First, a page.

BEIJING: The US and China have opted for a convenient if short-term fix for their tough trade talks, pushing back the March 1 deadline in the absence of a deal.
Hitting the deadline without a mutually acceptable agreement would have led to unpleasant consequences for both sides.
Donald Trump tweeted on Sunday evening that he would delay bumping up to 25 per cent the tariffs on US$200 billion of Chinese goods, citing progress in negotiations and a plan to meet Xi Jinping at the US president’s Mar-a-Lago resort at an unspecified date.
SUITS EVERYONE JUST FINE
The extension suits both leaders. For Mr Trump, the ability to dial up or dial down pressure on China is useful, both politically at home and in Washington’s dealings with its biggest economic rival.
The US president also said his negotiators have made “substantial progress” on the structural issues that he has consistently demanded.
Yet few of the leaked concessions from the Chinese side indicate any progress on these deeper questions. Beijing has offered to buy set quantities of US goods and maintain currency stability, implying greater top-down control of its economy rather than a weakening of its iron handed approach.
Talks that have touched on specific issues, such as a dispute between semiconductor companies or how many tonnes of soyabeans China might buy, indicate little focus on basic principles that would frame two countries’ interactions far into the future.
BUT THE US IS NOT READY TO CALL IT A DAY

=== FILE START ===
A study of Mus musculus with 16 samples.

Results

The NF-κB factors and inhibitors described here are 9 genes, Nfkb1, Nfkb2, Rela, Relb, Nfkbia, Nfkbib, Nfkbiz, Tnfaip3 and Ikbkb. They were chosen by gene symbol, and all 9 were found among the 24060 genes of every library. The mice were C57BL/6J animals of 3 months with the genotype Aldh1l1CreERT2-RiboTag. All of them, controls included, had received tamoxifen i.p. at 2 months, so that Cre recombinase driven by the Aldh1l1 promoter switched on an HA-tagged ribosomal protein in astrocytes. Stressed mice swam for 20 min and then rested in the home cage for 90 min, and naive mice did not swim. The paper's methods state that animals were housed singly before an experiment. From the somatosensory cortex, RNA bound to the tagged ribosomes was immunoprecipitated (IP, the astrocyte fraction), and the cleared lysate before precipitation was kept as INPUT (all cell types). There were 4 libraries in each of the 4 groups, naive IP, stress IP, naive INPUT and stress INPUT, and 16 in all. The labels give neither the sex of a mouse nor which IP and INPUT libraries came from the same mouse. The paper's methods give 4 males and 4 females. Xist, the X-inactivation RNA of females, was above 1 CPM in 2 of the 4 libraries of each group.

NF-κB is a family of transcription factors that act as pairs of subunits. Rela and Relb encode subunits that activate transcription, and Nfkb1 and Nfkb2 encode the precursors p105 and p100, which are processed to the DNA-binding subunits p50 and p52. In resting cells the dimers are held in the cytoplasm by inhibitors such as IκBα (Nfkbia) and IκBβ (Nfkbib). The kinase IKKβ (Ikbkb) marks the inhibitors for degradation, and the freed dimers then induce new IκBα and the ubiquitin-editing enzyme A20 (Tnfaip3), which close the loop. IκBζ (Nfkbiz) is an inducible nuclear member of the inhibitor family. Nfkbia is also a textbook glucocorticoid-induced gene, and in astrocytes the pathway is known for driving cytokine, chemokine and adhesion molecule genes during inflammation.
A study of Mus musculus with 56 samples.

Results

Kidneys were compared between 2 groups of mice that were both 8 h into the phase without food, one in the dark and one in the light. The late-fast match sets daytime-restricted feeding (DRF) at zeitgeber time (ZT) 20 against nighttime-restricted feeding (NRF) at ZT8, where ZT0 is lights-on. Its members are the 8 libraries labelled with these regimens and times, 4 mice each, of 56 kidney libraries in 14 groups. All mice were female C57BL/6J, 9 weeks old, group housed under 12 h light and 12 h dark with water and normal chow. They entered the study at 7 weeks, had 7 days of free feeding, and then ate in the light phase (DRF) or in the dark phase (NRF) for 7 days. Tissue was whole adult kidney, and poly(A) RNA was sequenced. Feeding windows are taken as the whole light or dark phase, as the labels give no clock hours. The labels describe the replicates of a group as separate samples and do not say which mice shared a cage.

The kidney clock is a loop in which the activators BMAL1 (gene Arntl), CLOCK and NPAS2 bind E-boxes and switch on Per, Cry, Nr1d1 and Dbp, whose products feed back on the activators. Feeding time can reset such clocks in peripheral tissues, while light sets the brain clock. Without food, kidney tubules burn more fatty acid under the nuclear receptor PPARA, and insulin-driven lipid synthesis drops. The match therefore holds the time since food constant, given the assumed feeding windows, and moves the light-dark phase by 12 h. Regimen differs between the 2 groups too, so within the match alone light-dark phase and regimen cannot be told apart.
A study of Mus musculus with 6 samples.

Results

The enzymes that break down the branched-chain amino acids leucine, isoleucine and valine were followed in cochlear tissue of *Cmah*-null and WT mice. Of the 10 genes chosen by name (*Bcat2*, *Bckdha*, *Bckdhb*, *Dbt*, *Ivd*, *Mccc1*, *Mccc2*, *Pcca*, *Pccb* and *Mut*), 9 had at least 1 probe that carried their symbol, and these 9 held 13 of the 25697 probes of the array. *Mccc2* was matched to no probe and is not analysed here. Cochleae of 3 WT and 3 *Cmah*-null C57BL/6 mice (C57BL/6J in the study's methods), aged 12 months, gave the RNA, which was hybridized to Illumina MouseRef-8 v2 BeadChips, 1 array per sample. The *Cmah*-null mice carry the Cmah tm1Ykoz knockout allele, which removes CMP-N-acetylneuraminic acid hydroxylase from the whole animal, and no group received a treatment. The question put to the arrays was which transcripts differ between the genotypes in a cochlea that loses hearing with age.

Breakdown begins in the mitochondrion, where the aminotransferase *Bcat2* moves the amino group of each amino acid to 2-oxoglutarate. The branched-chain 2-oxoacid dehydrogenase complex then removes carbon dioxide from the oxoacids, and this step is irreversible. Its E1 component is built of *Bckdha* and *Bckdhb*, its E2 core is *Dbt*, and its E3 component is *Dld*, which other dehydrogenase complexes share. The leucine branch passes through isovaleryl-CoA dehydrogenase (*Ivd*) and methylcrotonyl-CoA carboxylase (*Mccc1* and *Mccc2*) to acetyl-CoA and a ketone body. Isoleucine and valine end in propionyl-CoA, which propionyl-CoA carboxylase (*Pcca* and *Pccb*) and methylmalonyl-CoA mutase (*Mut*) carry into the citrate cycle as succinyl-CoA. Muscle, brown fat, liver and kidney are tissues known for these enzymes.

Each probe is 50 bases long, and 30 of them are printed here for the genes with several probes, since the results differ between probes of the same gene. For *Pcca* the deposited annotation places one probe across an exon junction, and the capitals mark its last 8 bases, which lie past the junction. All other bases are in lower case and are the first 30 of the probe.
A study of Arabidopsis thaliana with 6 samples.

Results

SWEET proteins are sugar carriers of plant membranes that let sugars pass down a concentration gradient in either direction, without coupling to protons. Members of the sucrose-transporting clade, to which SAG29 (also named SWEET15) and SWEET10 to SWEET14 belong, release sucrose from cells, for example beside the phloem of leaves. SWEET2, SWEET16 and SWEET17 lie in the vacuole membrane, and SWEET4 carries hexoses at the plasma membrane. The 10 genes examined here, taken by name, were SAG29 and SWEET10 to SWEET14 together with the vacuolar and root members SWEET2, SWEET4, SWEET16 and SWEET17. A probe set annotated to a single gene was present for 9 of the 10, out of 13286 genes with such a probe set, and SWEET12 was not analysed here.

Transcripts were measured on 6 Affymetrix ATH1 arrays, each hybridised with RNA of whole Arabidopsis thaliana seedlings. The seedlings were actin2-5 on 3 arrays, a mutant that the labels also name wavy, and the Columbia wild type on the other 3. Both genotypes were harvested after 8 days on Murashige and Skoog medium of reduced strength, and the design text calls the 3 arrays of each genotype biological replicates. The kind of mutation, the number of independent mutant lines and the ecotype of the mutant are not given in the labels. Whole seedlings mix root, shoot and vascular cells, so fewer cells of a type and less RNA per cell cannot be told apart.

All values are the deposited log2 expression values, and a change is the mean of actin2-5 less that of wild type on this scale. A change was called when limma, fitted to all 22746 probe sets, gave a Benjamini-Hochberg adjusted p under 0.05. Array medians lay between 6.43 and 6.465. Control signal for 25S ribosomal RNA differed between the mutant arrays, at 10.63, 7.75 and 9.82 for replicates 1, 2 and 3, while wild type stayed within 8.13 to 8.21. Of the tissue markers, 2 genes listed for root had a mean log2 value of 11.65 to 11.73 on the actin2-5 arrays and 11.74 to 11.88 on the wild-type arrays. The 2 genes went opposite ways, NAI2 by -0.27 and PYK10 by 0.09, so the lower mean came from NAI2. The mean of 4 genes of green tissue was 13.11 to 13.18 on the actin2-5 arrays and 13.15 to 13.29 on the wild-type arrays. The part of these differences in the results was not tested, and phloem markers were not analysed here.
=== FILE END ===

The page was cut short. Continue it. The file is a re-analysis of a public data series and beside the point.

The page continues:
Many in China and on Wall Street believe stock market woes have made Mr Trump desperate to declare a win and call it a day. But an exchange between the president and his trade representative, Robert Lighthizer, on Thursday, does not support that view.
In front of reporters and the visiting Chinese delegation led by Liu He, the country’s top trade official, Mr Trump argued that he wanted a “contract”. Mr Lighthizer insisted that a memorandum of understanding, which the two sides have been working on, would be binding.
Journalists who have witnessed any number of empty, face-saving MOUs get signed in China might be inclined to side with Mr Trump on this one.
“I think a memorandum of understanding is not a contract, to the extent that we want … the final contract is really the thing that means something,” he said. Sitting at Mr Lighthizer’s side, Mr Liu laughed.
AWKWARD PREDICAMENT AVERTED
For Mr Xi, the extension resolves an awkward predicament. It puts off an ugly reckoning just days before the March 5 session of the National People’s Congress. China’s legislature only meets once a year for ten days, during which delegates take turns saying how much they agree with the leadership.
Despite all the nodding and agreeing, however, delegates usually find a way to make it clear when they are not happy.
This year, many in the Chinese elite are worried about the country’s direction. Mr Xi’s team is eager to show that they are handling the trade tensions positively.
Moving the deadline means the White House has given up some immediate leverage. But it also avoids putting Mr Xi’s back to the wall, a situation that would almost certainly force an aggressive counter-move by China on some other front.
Both sides are happy to delay that reckoning.